Scott Raises Concerns Over Federal Reserve Board Nominees
Washington, D.C. – The U.S. Senate Committee on Banking, Housing, and Urban Affairs today considered three of President Biden’s nominees for the Federal Reserve Board of Governors – Philip Jefferson, Lisa Cook, and Adriana Kugler. In his opening statement, Ranking Member Tim Scott (R-S.C.) expressed concerns with two of those nominees and cited highly politicized public statements made by Lisa Cook and Adriana Kugler, questioning whether nominees with such partisan public records are suitable to serve on a Board that is crucially independent and apolitical.
Ranking Member Scott’s opening remarks as delivered:
Thank you, Mr. Chairman. I thank you all for your willingness to serve our nation in your very important roles that we have the responsibility and constitutional responsibility to vet and talk about. Mr. Jefferson, thank you for your willingness, Governor, to continue to support the philosophy that I think is really embedded in the American culture: that the free market system is the marvel of the world, one that requires us to continue to focus our attention on how do we improve it based on the current philosophy and the mandate of the Fed, and I thank you for your willingness to do so.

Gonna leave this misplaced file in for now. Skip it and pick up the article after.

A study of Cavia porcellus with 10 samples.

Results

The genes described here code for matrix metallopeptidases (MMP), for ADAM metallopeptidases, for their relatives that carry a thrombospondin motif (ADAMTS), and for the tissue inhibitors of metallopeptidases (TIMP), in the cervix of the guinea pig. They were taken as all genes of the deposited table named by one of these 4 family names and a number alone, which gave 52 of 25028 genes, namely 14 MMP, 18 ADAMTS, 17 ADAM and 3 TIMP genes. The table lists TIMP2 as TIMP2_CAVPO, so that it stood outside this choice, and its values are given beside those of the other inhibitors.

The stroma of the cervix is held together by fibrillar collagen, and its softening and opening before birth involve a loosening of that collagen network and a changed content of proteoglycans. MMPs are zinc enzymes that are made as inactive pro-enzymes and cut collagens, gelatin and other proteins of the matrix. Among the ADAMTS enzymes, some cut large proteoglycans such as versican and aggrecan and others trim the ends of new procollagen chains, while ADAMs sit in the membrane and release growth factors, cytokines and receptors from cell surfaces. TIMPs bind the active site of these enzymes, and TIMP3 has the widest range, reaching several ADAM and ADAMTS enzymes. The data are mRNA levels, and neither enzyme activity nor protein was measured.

Before us today, however, are three [nominees], not just one, who are asking us to confirm them to serve the American people through their government-appointed positions. But two of these [nominees] seem more interested in having government serve their personal ideologies and their political priorities. Unlike the famous words, and I paraphrase, of JFK: “Ask not what you can do for your country, but rather, what the country can do for you.” I think Governor Cook and Ms. Kugler both want to use their positions and their influence to influence and immerse their philosophies into the mainstream of American life through these incredibly powerful posts. Examples would include everything from reparations to climate agenda, systemic racism, ESG, and other issues that distract from the actual job of the Fed. Using something like the black unemployment as a way we determine Fed decisions is just as discriminatory as using only the Asian unemployment would be. Very different outcomes, but both very distorting. I think it’s important for us to have [nominees] who want to serve the country and not have their positions be leveraged for their ability to weave into our overall philosophy their ideologies.